Roll, Jordan, Roll: The World the Slaves Made


Rather than emphasizing the cruelty and degradation of slavery, historian Eugene Genovese investigates the ways that slaves forced their owners to acknowledge their humanity through culture, music, and religion. Not merely passive victims, the slaves in this account actively engaged with the paternalism of slaveholding culture in ways that supported their self-respect and aspirations for freedom. Roll, Jordan, Roll covers a vast range of subjects, from slave weddings and funerals, to the language, food, clothing, and labor of slaves, and places particular emphasis on religion as both a major battleground for psychological control and a paradoxical source of spiritual strength. Displaying keen insight into the minds of both slaves and slaveholders, Roll, Jordan, Roll is a testament to the power of the human spirit under conditions of extreme oppression.

Eugene D. Genovese was the author of several books, including Roll, Jordan, Roll, for which he won the Bancroft Prize; The Southern Tradition; and The Southern Front. Genovese was known for his Marxist perspective in regards to the study of power, class, and race relations in during plantation life in the old south.  Genovese passed away in 2012.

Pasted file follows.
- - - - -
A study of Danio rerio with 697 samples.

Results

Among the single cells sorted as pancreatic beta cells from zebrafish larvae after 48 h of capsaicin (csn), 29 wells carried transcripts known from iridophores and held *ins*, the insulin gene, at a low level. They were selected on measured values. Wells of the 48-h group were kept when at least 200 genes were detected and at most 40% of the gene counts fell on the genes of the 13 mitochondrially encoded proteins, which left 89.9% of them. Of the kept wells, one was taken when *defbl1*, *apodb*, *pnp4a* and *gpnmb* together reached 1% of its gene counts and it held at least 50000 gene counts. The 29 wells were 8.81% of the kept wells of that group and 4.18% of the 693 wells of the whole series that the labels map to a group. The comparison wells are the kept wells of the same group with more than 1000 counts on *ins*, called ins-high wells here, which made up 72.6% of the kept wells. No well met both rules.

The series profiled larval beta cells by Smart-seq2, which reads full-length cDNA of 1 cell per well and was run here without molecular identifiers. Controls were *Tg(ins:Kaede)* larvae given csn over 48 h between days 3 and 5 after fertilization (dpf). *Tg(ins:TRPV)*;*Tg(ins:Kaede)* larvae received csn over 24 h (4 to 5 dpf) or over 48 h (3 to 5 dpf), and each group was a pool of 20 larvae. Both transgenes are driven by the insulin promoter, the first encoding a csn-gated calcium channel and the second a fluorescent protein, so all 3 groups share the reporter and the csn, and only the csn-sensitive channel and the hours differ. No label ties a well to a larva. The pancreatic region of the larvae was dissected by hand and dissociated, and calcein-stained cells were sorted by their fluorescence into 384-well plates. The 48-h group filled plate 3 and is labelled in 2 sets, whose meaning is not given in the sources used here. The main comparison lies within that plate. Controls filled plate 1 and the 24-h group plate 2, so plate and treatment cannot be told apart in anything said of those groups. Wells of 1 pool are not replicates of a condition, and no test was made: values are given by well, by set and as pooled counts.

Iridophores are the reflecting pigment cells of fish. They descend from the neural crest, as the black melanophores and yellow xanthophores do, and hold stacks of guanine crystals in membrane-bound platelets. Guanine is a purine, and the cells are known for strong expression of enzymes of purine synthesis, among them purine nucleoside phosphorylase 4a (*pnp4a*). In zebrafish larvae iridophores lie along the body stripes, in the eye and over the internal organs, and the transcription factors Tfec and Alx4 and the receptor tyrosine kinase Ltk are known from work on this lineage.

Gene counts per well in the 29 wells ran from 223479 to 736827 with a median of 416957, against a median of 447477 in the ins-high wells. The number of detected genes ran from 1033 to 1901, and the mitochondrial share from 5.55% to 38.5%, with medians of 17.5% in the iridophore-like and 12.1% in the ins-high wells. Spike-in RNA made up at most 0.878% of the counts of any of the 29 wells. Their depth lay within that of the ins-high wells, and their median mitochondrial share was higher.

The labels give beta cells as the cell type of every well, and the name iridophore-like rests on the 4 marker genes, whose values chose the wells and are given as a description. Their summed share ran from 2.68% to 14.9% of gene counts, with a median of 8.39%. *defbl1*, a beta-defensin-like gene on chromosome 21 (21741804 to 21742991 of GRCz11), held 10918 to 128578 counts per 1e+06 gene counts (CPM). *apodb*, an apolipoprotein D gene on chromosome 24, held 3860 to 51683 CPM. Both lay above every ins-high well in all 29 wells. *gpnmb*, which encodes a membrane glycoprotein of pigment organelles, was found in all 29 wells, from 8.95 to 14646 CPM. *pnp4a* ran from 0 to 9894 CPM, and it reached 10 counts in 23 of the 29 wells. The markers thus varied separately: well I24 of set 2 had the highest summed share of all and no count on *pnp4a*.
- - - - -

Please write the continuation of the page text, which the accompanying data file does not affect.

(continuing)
Publisher
Vintage
Feb 9, 2011
864
9780307772725
English
History / African American
Social Science / Ethnic Studies / African American Studies
Social Science / Slavery
This content is DRM protected.

Genovese argues compellingly that the slave revolts of the New World shaped the democratic character of contemporary European struggles just as forcefully as European struggles influenced New World rebellion. The revolts, however, had a different purpose before as well as after the era of the French Revolution. Before, their goals were restoration of African-type village communities and local autonomy; after, they merged with larger national and international revolutionary movements and had profound effect on the shaping of modern world politics.
Toussaint L'Ouverture's brilliant leadership of the successful slave revolt in Saint-Dominique constitutes, for Genovese, a turning point in the history of slave revolts, and, indeed, in the history of the human spirit. By claiming for his enslaved brothers and sisters the same right to human dignity that the French bourgeoisie claimed for itself, Toussiant began the process by which slave uprisings changed from secessionist rebellions to revolutionary demands for liberty, equality, and justice.
Those who have taken issue with Genovesse before will find little in From Rebellion to Revolution to change their minds. The book is sure to be widely read, hotly debated, and a major influence on the way future historians view slavery.